Lord Alfred Tennyson is acknowledged to be one of the most prolific poets of the United Kingdom, borne out by the fact that he is the second most quoted poet in the Oxford Dictionary of Quotations after William Shakespeare. He inherited a rich legacy from his predecessors Keats, Byron and Wordsworth taking forward the traditions of the Romantic Movement started by these poets.
He worked on a broad canvass not limited by any subject matter. His poetry and lyrics transcended all barriers and included nature, observations on the prevailing times, classical myths and even legends of yore. Among the notable body of his works that have stood the test of time are “The Charge of the Light Brigade”, “Crossing the Bar” and “Break, Break. Break”. His “Ulysses” and “Idylls of the King” are well known for its exquisite imagery and evocative verbal melodies.
Tennyson was born in Somersby, Lincolnshire, England on August 6, 1809, the fourth of twelve children. His penchant for prose became evident very early in his life when at the age of 12, he penned a 6,000 line epic poem. His early education was in the hands of his father the Reverend George Tennyson who tutored his son on modern and classical languages.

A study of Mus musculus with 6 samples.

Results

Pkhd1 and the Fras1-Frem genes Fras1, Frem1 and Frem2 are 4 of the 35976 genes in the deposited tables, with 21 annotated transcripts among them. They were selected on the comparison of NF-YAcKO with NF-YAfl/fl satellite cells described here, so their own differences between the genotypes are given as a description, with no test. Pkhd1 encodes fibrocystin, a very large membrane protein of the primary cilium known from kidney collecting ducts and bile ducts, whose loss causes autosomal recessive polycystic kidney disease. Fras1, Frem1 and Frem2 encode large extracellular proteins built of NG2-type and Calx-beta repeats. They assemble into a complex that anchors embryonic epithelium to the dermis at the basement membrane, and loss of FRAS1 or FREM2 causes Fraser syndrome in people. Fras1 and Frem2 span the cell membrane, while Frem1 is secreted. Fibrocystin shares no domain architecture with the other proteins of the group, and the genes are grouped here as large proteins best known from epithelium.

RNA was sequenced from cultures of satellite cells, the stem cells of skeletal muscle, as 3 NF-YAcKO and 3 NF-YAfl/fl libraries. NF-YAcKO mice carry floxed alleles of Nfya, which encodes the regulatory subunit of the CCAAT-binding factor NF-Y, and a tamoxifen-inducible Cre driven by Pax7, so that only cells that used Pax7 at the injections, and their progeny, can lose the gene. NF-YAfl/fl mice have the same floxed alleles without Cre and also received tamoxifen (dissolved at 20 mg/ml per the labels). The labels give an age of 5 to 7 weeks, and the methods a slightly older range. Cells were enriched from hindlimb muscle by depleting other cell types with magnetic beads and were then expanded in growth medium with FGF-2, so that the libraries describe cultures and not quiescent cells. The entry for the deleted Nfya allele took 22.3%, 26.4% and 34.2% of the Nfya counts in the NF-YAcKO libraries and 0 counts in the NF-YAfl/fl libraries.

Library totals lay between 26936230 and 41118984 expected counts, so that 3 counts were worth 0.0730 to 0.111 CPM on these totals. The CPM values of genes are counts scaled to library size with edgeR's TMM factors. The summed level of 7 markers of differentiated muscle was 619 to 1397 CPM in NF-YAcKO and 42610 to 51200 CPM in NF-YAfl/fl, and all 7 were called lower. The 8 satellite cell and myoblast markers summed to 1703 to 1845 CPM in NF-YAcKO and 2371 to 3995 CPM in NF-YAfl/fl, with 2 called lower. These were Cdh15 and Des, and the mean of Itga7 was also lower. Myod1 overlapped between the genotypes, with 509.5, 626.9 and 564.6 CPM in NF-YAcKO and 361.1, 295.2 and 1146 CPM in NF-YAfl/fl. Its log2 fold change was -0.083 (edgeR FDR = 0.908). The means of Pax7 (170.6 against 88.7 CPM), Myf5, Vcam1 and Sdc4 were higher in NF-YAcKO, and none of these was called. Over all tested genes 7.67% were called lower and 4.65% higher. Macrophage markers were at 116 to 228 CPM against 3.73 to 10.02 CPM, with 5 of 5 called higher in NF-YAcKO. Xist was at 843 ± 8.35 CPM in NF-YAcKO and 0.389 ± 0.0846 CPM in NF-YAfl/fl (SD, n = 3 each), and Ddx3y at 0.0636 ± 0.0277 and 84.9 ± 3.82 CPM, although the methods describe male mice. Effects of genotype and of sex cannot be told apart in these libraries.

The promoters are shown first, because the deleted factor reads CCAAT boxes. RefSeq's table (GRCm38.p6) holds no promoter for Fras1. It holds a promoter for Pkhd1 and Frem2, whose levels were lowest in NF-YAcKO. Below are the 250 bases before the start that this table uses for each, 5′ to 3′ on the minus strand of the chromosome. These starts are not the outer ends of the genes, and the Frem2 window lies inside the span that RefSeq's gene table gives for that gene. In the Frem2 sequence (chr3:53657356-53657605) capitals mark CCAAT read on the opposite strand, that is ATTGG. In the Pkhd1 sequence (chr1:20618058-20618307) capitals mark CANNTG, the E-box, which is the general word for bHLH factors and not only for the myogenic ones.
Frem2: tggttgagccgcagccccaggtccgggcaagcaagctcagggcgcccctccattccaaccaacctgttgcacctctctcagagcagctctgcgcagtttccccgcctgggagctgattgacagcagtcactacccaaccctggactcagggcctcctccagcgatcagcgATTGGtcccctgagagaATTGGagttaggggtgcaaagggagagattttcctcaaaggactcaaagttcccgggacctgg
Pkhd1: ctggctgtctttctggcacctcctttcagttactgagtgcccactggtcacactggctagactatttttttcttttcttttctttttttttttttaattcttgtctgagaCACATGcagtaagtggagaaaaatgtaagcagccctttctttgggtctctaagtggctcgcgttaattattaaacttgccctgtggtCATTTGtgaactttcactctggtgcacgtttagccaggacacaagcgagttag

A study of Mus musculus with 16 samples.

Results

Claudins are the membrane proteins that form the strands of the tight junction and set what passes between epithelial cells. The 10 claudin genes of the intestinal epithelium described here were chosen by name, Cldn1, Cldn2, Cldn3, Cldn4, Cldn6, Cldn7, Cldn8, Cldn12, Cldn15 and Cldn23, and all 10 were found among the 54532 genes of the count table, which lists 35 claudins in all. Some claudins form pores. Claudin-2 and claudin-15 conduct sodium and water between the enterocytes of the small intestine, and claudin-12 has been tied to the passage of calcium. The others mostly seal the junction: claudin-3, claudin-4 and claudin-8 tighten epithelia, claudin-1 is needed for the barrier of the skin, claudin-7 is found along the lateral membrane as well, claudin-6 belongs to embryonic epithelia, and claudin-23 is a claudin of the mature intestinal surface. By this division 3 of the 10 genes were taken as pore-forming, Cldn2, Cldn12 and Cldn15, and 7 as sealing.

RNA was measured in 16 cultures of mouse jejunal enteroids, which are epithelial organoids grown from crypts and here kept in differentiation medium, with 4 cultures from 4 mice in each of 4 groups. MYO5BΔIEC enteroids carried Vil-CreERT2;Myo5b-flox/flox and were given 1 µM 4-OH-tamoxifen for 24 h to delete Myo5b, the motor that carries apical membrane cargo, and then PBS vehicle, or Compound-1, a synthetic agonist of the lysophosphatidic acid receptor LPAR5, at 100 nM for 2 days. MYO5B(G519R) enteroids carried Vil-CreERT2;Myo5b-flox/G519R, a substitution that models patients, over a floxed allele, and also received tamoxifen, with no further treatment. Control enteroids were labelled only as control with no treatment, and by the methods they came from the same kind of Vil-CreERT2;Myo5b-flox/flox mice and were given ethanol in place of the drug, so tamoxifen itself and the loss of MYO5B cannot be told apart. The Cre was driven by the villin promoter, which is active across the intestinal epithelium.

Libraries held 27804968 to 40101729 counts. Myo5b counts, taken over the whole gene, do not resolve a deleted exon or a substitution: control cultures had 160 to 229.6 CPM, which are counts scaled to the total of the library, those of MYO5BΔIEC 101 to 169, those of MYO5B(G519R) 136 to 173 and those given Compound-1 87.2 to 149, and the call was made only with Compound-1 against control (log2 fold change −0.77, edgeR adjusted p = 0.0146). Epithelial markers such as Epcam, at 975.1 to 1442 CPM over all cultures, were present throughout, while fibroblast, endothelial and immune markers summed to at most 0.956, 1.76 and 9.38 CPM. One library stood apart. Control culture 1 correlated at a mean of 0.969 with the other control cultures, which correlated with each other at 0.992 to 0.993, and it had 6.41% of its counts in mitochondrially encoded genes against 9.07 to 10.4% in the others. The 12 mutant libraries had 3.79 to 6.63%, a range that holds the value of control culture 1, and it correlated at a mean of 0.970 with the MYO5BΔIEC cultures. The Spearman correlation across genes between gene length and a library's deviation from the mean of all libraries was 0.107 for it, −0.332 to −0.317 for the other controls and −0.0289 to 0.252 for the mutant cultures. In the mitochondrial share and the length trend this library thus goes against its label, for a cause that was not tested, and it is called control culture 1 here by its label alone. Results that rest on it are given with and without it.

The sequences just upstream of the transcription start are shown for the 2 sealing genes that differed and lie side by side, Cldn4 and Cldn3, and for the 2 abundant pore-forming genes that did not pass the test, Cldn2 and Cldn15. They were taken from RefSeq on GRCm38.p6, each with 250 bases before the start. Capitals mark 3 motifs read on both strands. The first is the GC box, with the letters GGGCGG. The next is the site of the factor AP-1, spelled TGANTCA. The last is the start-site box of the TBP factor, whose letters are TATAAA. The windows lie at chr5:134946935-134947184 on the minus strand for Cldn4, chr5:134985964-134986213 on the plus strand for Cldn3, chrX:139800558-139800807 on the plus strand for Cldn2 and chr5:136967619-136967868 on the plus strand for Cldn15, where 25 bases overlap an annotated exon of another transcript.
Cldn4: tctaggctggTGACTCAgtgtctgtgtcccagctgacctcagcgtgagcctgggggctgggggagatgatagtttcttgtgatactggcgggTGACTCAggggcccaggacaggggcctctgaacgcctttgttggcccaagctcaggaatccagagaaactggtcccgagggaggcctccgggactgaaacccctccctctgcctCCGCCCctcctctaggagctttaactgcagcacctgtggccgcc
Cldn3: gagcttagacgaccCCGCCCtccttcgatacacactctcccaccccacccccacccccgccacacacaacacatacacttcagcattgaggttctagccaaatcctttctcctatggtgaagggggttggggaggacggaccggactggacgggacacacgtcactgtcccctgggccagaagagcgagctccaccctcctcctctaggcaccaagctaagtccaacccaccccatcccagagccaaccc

In 1827, Tennyson left home to join Trinity College, Cambridge where his poems attracted the attention of Arthur Hallam who headed an undergraduate literary club. The two became the best of friends and toured Europe together in 1830 and 1832. Tennyson literary talents truly flourished under the tutelage of Hallam. Tennyson was devastated when Hallam suddenly died in 1833.
By 1842, Tennyson had achieved great critical and popular success. His “Poems” in two volumes was hailed as a literary masterpiece followed in 1850 by “In Memoriam”. By this time, Tennyson was one of the most popular poets in Britain and was chosen to be the Poet Laureate, a worthy successor to Wordsworth. In 1850, he married Emily Sellwood with whom he had had a tumultuous relationship since 1836 and had two sons, Hallam and Lionel.
Tennyson soon became the most popular poet of the Victorian era. He bought a country house with his earnings which was substantial in those times and thus could focus on his writings in relative seclusion. The first poems of his epic “Idylls of the Kings” was published in 1859 and sold more than 10,000 copies in a month. In 1884 he accepted a peerage and became Lord Alfred Tennyson.
Tennyson died on October6, 1892 and was buried in Westminster Abbey.